Pass or Fail? How will you do on the Culture Test?
“Failure to plan on your part does NOT constitute an emergency on my part.”
I saw that sign up on the outside of a cubicle wall at a business recently. It ruined my day. I knew the culture of this company was really broken.
Yes, it’s just a saying. It’s just sarcasm. But to me it’s cause for great alarm. If this sign popped up in my company everything would stop until we got to the bottom of the issue and the investigation could likely result in needing a new team member.
Harsh? I know. But…stick with me.
Picture this. You’re at your desk at 7:00 PM. You have a deliverable for a client in the morning and for a variety of good reasons you are still working on it and will be for a while.
You just got off the phone with your spouse who isn’t thrilled about you working late.
A co-worker peeks into your office space with a request for your help. They’re in a panic. They should be. You could tell that they really need your help.
What do you do? You have a tough deadline. Helping your co-worker will add a couple hours to your night.
What are some of the possible assumptions and thoughts you may have? Your co-worker is lazy and a screw-up. Why didn’t they ask for help earlier? I don’t have time for this. Let’s teach them a lesson and let them sink in the deep end.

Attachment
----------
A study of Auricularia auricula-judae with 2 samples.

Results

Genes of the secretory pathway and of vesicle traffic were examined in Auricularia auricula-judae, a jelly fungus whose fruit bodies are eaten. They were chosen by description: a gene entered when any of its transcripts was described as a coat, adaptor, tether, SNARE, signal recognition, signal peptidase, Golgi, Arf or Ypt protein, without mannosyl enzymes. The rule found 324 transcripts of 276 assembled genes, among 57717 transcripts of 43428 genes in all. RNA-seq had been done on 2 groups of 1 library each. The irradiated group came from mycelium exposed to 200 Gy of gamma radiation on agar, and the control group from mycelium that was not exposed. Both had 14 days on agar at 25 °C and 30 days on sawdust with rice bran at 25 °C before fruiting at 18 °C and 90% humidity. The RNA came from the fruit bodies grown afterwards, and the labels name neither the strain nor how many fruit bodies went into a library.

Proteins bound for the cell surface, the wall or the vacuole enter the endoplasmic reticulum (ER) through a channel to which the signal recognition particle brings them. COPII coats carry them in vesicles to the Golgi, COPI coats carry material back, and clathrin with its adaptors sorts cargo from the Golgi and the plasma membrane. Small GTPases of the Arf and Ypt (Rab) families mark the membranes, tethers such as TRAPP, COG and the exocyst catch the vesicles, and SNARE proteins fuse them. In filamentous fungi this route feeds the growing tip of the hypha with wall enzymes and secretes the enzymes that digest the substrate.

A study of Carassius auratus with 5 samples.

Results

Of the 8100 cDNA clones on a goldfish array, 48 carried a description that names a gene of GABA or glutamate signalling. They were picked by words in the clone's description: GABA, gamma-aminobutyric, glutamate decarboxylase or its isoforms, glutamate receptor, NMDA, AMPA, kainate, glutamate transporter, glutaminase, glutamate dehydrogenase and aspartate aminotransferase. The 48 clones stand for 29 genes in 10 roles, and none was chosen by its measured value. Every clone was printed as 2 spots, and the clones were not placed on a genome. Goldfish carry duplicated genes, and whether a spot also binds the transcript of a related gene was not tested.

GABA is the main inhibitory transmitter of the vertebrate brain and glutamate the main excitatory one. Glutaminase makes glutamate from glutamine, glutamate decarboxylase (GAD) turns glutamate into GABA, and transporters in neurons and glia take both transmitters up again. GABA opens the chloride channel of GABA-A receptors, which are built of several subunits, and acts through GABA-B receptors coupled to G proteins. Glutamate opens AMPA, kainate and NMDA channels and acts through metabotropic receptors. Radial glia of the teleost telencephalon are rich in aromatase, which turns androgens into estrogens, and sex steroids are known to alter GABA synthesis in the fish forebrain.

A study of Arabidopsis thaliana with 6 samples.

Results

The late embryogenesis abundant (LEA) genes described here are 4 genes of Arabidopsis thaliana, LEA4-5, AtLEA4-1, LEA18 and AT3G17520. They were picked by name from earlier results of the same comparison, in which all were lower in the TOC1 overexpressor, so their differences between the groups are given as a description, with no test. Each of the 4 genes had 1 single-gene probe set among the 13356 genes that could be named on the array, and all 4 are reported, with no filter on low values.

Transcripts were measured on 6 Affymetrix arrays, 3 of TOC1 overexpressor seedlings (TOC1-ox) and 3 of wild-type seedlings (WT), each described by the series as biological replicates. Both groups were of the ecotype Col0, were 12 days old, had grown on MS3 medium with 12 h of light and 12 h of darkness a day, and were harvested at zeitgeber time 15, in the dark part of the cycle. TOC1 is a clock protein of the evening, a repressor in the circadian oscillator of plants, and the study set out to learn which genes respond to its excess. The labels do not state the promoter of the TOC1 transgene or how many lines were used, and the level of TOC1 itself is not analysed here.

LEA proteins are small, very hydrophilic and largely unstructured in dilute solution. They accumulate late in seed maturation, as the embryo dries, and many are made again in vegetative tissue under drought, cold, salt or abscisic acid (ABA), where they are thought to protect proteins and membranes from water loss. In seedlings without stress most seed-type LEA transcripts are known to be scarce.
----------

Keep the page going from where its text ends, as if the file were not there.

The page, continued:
These thoughts and assumptions usually come from emotion and may or may not be valid.
We’re looking for a New Leadership Normal. The championship culture response goes something like this:
I trust my colleagues to be operating under the same level of the value creation principle as I do. Therefore, if they are asking for my help, they need my help to create that value. What do we need? Let’s do it. Let’s work it out.
This response is a calm one. It’s based on solid principles. It doesn’t waste time on blame and frustration.
With this sense of calm you can do the right thing. It might not mean dropping everything and working all night. And if it does, that decision is reached by thinking through the emergency.
Of course, you analyze the situation after the results are achieved and look for ways to avoid the crisis mode when possible. Some teaching and coaching may be necessary. That’s a good thing.
To do this week: Think of scenarios in which your work intersects with others. How do you and the others approach these intersections? What does this say about your culture?
Let me know how it’s going. Click the “comments” box below to participate in an on-going discussion via LinkedIn.